Marine

Inflatable ferry supports the weight of a car

Inflatable ferry supports the ...
The Hovercraft Ferryboat transporting a vehicle across a lake
The Hovercraft Ferryboat transporting a vehicle across a lake
The Hovercraft Ferryboat has a 50-person capacity
The large version of the Hovercraft Ferryboat can transport light construction equipment
The Hovercraft Ferryboat has a load capacity of 11,000 lb (5000 kg)
The Ferryboat before being fully inflated
The Ferryboat as it looks before being unrolled and inflated
The smaller version of the Ferryboat ready for use
The Hovercraft Ferryboat transporting a vehicle across a lake

Made from Hypalon (the same material found in most rigid inflatables), the Ferryboat is evidently quite stable when it's inflated, as the bottom becomes completely flat and the sides become more rigid. The company says the double-walled construction of the fabric adds to the stability, making it practically unsinkable and incapable of overturning, even if the load somehow ends up heavier on one side.

The large version of the Ferryboat comes in at 26.25 ft (8 m) in length, has a 10.5-ft (3.20-m) beam and is 661 lb (300 kg) in weight, with a maximum load capacity of 11,000 lb (5,000 kg) and a displacement of over 22,000 lb (10,000 kg). An electric pump can inflate the boat in minutes, and an available solar cell can make the vessel electrically self-sufficient.

A shallow draft of about 2 in (5 cm) per 2,200 lb (1,000 kg) of load means the Ferryboat can also get its cargo to and from places most other boats can't manage – like islands, yachts and shallow water. Hovercraft says that its own 5 hp (3.7 kW) electric outboard motor can power a fully loaded Ferryboat at a speed of 4 knots, and its low weight means it's using less fuel to do so.

The large version of the Hovercraft Ferryboat can transport light construction equipment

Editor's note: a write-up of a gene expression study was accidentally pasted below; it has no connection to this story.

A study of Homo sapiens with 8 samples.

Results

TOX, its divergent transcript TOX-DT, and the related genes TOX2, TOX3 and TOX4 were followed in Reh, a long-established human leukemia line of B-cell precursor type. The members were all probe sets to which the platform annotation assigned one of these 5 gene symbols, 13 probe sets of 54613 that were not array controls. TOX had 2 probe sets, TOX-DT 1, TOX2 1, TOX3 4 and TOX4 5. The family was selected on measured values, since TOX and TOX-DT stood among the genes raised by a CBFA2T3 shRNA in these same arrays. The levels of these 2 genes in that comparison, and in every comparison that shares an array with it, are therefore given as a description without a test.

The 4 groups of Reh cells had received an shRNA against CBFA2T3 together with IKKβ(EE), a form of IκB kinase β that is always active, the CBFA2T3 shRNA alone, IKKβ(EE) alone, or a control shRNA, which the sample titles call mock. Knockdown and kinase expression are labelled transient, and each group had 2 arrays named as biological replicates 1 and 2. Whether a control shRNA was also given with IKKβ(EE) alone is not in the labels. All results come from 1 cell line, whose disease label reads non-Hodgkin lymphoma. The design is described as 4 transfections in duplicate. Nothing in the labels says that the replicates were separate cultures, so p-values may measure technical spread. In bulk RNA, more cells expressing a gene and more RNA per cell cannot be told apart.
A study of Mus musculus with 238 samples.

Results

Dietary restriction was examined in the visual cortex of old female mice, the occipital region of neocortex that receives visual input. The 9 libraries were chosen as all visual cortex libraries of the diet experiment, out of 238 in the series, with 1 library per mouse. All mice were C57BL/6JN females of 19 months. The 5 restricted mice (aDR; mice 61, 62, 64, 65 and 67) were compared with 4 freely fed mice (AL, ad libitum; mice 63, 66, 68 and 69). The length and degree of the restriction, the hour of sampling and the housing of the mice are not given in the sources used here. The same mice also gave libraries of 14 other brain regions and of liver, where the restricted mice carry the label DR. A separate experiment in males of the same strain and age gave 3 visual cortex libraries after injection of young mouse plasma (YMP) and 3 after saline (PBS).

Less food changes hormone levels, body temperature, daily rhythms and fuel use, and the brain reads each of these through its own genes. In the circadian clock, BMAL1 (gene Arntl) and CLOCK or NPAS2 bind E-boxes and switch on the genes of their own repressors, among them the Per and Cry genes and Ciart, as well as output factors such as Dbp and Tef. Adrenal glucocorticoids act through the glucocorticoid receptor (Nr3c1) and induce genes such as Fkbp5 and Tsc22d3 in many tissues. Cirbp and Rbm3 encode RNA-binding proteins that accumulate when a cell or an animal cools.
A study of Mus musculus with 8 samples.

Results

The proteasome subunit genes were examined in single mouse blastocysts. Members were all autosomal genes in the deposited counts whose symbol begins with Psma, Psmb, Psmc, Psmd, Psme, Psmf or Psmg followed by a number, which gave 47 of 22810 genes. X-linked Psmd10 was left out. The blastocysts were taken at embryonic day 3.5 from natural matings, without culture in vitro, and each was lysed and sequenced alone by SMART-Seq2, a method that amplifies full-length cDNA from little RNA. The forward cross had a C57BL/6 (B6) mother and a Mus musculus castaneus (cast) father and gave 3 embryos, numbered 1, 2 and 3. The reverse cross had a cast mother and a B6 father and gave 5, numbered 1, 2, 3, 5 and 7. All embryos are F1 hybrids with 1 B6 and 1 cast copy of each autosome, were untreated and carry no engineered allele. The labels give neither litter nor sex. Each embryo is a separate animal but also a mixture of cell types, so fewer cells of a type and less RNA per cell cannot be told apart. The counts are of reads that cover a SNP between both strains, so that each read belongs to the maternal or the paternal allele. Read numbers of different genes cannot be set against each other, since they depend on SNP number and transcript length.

The large version of the Hovercraft Ferryboat can transport light construction equipment

Hovercraft says that the Ferryboat can be used for everything from flood rescue to transporting construction equipment, produce and animals. It comes with aluminum ramps, which means you can also load it from just about any shore, pier, or another vessel.

Prices will start at €6,000 (about $6,889) for the smaller basic model and at €10,000($10,648) for the larger model. The type of material used (PVC or Hypalon), and the number of layers, chambers and accessories required will affect the final price. Hovercraft expects to start shipping the Ferryboat sometime in 2016.

Take a look at this video to see how the Ferryboat works.

Source: Hovercraft

Ferryboat for vehicles and people, landing craft, work boat, dredger

View gallery - 8 images
3 comments
ChgoSTrider
Could see this idea really catching on as a family pontoon craft/party boat. Could be transported to the water without a truck and trailer. The expense of off-season storage is cut.
Or as a support vessel for emergency services.
Great idea.
owlbeyou
This will help you realize your dream of building a home on an unoccupied island. There would have to be at least SOME shoreline preparations first though.
bergamot69
I like it- I like it a lot!
Probably not so good for choppier waters (ie the sea) but for calmer inland waters and rivers I can see a lot of uses for this craft.